Top 10 Deadly Diseases Cured in the 20th Century

These top 10 deadly diseases cured in the 20th century have been plaguing humanity throughout its history. Effects of some of them can be seen in our list of 10 majorly successful people with disabilities. The good news is that today we have the means to cure or prevent them. The bad news is that despite the progress of medicine, there are parts of the world where some of these diseases still kill people.

Creating cures and vaccines for some of the diseases on this list is one of the reasons behind life expectancy going up more than double in the last 100 or so years. In 1900, average life expectancy was 31 year, rising to 48 in 1950 and finally 67.2 in 2010. Having diseases like plague and measles that ravaged the population in the past almost eradicated have helped enormously with ever increasing human life span.

Kateryna Kon/

Kateryna Kon/

Unfortunately, diseases fight back. The viruses that cause them mutate over time into new forms, usually deadlier than their predecessors. It takes time for scientists to come up with a vaccine that would be effective against the new strain. Then the virus mutates again and it is back to square one. This game of cat and mouse has been going on for a long time. The virus that is best known for its adaptability and ease of transformation into something new each time an effective vaccine has been introduced is the flu. Almost every year we have a new scare about a new type that is threating to decimate the humanity, as it happened in the past. In fact, three types of flu are present on our list of top 10 deadly diseases cured in the 20th century.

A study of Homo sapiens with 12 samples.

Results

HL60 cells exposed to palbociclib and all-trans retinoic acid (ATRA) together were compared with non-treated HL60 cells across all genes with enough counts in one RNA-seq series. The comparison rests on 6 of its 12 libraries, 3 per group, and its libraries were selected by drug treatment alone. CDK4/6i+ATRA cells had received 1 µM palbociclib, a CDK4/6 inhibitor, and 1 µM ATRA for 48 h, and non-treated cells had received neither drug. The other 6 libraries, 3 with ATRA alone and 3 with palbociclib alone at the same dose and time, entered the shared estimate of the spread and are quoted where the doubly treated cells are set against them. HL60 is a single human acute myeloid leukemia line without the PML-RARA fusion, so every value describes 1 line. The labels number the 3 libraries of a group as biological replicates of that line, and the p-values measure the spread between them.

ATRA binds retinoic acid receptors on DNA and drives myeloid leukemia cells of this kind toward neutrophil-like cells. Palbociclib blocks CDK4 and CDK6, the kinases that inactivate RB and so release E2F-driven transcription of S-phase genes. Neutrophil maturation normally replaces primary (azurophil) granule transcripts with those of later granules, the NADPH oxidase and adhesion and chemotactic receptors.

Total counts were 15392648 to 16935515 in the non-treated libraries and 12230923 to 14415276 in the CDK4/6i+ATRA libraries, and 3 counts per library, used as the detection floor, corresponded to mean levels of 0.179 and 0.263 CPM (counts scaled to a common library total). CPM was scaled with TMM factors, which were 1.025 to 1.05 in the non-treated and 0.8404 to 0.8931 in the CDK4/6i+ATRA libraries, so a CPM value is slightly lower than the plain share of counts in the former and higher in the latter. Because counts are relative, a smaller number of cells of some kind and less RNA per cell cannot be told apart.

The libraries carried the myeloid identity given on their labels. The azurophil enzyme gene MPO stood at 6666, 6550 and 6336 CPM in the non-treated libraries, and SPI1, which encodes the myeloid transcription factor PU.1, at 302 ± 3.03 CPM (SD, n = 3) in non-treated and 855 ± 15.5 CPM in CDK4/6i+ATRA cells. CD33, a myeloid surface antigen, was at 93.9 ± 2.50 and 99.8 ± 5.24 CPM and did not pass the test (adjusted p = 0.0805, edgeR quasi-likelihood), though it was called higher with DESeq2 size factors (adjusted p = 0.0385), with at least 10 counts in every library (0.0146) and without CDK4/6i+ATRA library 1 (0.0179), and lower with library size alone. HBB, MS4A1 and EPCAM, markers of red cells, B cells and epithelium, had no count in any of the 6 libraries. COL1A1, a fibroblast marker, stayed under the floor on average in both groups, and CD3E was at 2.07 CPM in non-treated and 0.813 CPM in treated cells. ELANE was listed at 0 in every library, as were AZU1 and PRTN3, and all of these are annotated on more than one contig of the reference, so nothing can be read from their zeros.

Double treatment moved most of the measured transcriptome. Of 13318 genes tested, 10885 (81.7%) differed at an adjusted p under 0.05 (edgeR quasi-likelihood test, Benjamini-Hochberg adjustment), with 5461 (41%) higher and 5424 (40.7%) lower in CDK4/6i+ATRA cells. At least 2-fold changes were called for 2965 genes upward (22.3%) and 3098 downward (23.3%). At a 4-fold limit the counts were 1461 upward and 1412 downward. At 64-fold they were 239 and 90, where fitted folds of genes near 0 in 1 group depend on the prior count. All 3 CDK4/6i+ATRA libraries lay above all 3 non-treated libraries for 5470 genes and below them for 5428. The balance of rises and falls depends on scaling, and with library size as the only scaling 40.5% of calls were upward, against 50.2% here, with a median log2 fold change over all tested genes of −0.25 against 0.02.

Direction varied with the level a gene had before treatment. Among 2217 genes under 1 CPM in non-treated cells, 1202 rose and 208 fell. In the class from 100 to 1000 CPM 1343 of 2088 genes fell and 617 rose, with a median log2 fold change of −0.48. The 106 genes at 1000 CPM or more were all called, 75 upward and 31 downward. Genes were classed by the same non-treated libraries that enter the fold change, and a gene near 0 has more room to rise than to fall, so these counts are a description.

We ranked the diseases accordingly how deadly they were in our history. There are diseases that are suspiciously absent from the list, like pertussis or whooping cough or polio. The reason for this is that there aren’t reliable data on the number of deaths they caused. Some of them are completely eradicated, others are close to eradication. Hopefully, in near future all top 10 deadly diseases cured in the 20th century will be encountered only in medical history textbooks.